The Patriot Ledger
February 9, 2008
A sense of loss always there; Weymouth father of missing woman will again comb New Hampshire woods where his daughter disappeared four years ago
Hanson - Fred Murray will be up in New Hampshire this Saturday, making a trip that any parent would dread.
Murray, of Weymouth, is looking for his daughter, Maura, who was 21 on Feb. 9, 2004, the night her car skidded off Route 112 in Haverhill, N.H. It was the last reported sighting of the young woman.
I want to think she is still alive. I have to think that," Murray said of his daughter. "Until I know otherwise, I have to think that."
Maura Murray, a Hanson native and University of Massachusetts student, apparently struck a snowbank and some trees with her car that night four years ago.
Police have long treated her disappearance as a missing person case, while family members have been steadfast in their belief that Maura was the victim of foul play.
Fred Murray and Maura's mother, Laurie Murray of Hanson, both said that there are no new leads in the case.
"Four years, and not a trace of her. No clue," Laurie Murray said.
Maura Murray left her dormitory at the UMass-Amherst campus on Feb. 9 and drove to New Hampshire for reasons that are still unclear.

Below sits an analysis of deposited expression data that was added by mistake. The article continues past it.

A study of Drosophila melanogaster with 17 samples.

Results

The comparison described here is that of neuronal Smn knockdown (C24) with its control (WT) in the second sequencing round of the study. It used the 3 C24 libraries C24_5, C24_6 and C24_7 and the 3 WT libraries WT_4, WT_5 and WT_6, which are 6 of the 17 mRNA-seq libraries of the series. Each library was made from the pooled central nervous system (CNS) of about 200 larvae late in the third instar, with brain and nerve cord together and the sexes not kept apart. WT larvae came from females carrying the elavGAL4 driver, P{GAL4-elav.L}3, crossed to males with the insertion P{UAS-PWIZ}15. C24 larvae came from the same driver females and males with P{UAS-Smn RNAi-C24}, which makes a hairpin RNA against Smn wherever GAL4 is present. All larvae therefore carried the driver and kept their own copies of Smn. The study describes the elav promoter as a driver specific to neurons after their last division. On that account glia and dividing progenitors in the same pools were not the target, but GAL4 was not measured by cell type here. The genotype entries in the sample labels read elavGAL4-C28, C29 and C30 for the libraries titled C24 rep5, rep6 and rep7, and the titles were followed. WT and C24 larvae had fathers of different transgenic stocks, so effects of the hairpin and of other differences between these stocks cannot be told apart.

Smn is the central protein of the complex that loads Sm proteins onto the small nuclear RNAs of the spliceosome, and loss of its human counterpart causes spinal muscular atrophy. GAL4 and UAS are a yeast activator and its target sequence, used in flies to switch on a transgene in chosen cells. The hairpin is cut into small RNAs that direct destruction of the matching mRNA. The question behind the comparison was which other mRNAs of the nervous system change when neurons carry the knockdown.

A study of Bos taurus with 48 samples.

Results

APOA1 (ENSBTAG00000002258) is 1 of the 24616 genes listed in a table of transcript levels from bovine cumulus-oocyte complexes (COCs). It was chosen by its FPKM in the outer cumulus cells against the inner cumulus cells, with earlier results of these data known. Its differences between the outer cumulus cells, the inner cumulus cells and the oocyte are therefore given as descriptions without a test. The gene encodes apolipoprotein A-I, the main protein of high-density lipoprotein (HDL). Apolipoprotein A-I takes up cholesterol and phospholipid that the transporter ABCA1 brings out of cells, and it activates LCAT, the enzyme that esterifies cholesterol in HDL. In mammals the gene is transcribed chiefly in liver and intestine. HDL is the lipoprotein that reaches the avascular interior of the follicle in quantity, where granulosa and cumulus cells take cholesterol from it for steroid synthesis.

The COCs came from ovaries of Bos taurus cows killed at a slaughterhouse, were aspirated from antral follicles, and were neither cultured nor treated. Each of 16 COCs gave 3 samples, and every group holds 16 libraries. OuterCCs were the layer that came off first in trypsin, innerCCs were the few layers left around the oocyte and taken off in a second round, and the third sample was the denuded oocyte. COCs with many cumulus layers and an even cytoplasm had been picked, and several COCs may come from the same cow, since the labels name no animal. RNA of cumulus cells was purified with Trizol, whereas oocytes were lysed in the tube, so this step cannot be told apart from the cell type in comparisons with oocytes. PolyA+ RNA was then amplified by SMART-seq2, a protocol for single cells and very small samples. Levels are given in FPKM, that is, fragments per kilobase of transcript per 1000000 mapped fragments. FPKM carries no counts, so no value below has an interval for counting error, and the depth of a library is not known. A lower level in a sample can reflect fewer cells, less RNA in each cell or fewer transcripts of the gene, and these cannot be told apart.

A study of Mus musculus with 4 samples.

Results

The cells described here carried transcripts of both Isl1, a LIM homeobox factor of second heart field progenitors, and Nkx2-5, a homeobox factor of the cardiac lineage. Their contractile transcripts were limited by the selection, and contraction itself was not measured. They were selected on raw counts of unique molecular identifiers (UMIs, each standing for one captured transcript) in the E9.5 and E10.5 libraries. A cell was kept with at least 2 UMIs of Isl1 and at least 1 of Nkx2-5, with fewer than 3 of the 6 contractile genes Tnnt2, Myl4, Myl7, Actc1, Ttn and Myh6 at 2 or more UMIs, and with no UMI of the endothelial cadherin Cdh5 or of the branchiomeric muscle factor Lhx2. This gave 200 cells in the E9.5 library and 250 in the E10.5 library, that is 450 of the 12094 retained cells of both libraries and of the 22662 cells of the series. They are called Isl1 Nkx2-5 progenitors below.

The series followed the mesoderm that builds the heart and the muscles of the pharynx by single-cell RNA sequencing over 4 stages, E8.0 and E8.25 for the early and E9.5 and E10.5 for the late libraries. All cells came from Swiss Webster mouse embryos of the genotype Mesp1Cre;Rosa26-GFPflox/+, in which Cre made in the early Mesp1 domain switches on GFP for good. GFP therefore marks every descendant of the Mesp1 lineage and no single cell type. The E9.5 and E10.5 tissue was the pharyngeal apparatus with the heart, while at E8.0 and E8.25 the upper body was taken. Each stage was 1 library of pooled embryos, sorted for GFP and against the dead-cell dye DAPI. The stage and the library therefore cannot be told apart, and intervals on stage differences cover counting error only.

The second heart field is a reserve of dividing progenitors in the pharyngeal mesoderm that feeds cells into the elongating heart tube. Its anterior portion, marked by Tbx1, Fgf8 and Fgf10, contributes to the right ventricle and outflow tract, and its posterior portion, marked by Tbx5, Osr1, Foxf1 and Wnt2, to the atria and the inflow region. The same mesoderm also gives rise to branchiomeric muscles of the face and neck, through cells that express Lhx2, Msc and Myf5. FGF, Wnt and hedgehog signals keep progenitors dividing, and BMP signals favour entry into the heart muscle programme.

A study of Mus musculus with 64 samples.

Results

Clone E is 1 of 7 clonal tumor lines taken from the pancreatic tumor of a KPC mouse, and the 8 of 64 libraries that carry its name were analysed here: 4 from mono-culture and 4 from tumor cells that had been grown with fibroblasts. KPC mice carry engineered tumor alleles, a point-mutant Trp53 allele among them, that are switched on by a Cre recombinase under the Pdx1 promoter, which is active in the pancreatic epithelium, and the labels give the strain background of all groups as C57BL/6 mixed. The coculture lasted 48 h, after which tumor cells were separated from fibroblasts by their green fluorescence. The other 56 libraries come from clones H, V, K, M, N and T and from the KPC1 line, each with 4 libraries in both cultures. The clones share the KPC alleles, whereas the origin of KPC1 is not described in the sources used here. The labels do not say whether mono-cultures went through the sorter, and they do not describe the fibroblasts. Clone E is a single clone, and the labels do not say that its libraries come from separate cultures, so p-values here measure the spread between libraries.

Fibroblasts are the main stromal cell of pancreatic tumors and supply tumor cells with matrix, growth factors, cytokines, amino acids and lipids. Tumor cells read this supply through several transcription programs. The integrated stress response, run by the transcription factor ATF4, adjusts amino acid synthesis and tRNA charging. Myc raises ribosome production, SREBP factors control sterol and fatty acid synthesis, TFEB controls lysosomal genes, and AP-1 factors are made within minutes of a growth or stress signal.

By the time police arrived at the accident scene, there was no trace of her. One witness said that he had seen her, but only for a moment.
Fred Murray is still trying to get the New Hampshire State Police to release their records in the case.
One, in particular, is the report of the State Police officer who was at the crash scene that evening," Murray said. "He was riding around that area, and there is no accounting for what he saw, what he didn't see, or where he went."
Murray said it is important for him to see that report because we are trying to recreate the timeline, of what may have happened to Maura that night.
Murray added that he would still like the FBI to get involved in the case, because I want someone to get a fresh look at it. But that agency won't join the investigation, he said, unless the New Hampshire authorities ask them to.
The FBI offered to come in, but they were rebuffed, Murray said.
Attempts to reach New Hampshire State Police Lt. John Scarinza, the investigator in charge of the case, were unsuccessful.
Laurie Murray said that her daughter's disappearance is still painful. It is mental torture, every day.
She is convinced Maura was abducted. That is my personal feeling. And I do believe she is alive - and I do believe that she will come home.
Fred Murray said the pain of wondering about a missing child is constant.
The sense of loss is always there, always with you, he said. When you wake up in the morning, within 10 seconds you are aware of it.
So he will drive around Haverhill, N.H., today and once again head into the woods to look for any signs of Maura.
When I come out of the woods and I have not found anything, there is a sense of relief, Murray said. It keeps alive that slim flicker. I don't want to find her dead.